It usually comes as something of a surprise to people that I do not know the people who are running lights or riding on the sidewalk any better than they know the driver who parked at a bus stop or refusing to pick a lane. All cyclists are not created equally.
In years past, I always wished people would ride more and that the city would be more bike friendly. In more recent times, I got my wish, and now I regret I made it. The rise of programs like Hubway, which rented its 1 millionth bike last month, and the cultural shift in acceptance of bicycles as an alternative form of transportation have led to an explosion of riders on Boston's roads. The problem is that most of them don't know how to ride in the city, and it's making us all look bad.
Part of this is an information problem. Many people, both in cars and on bikes, don't know that bikes are supposed to follow the same rules as other vehicles. The sidewalk rule is sketchy, but given that you're definitely not supposed to ride on sidewalks in "business districts" and there are businesses virtually everywhere in Boston, riding on sidewalks is, generally speaking, a good thing to avoid.
More than anything though, there's the problem of inability to enforce bike safety rules. Sure, the city of Boston can give you a $20 fine for blowing a red light, but they can't do anything if you don't pay it, and $20 is barely a penalty anyways. Meanwhile, folks ride the wrong way in the bike lane on streets as busy as Washington and Columbus right by police and nothing is said or done. This latter infraction, which is one of the more common, is incredibly dangerous to everyone. Not only is the cyclist who is going the wrong way increasing its velocity toward the vehicle it is potentially getting in an accident with, they are also speeding toward people who are going quickly in the right direction in a path that is too narrow to avoid collision in.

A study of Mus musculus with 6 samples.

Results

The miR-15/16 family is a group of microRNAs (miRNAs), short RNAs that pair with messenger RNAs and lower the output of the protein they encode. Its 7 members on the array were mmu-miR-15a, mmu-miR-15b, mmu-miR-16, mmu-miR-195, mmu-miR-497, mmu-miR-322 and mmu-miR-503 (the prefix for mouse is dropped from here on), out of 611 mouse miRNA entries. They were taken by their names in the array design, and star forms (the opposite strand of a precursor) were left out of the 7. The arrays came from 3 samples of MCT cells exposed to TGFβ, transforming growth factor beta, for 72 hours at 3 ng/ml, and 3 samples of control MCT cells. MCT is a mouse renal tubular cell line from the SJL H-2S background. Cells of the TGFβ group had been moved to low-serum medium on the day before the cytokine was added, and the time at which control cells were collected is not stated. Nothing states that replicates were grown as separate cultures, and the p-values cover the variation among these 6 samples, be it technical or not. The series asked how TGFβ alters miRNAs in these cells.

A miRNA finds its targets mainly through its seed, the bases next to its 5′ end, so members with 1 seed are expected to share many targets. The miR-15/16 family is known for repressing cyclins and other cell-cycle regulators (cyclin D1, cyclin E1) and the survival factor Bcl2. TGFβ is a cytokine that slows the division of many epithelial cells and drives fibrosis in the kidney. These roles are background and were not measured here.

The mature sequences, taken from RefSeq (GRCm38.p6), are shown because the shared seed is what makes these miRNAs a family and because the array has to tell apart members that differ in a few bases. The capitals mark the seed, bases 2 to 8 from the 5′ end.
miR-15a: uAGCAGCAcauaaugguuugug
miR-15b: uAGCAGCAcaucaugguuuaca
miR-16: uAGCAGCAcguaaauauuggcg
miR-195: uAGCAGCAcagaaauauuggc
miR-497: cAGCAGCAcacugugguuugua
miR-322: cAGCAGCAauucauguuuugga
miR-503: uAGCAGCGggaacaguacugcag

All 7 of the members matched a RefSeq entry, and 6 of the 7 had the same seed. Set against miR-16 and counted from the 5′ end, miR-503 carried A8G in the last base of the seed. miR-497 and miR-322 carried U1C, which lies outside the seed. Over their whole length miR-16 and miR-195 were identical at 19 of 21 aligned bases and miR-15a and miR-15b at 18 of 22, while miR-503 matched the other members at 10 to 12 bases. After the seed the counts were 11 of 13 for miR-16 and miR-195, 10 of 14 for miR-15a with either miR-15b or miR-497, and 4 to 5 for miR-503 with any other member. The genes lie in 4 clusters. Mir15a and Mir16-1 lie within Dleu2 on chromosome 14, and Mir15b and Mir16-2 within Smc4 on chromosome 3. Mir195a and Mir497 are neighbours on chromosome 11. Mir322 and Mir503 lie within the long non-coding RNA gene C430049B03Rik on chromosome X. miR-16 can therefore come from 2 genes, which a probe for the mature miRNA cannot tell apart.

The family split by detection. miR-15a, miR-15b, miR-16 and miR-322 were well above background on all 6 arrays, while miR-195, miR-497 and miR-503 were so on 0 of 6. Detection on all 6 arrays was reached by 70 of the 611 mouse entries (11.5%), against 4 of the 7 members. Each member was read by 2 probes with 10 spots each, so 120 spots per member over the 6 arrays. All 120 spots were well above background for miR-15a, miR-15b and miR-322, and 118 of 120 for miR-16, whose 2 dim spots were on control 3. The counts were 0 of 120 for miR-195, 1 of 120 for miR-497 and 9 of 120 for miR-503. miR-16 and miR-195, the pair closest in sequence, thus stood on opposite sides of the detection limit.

Barring any legal changes, there are still things that can be done to increase bike safety. Stopping cyclists who are breaking traffic laws regularly is not a great answer, but the hassle of having to be lectured by police when you're trying to get to work might deter some people. Better, more publicly displayed rules of the road posted strategically around bike areas would also help.
|Good rules from Hubway, |
but not visible enough
Being a cyclist in the city is dangerous business, but it's on us as riders to contribute to the safety of our whole community. So long as seeing riders ride like assholes every day is common practice, it will be difficult to get folks to rally around the idea that kids who get hit by buses are victims rather than reckless.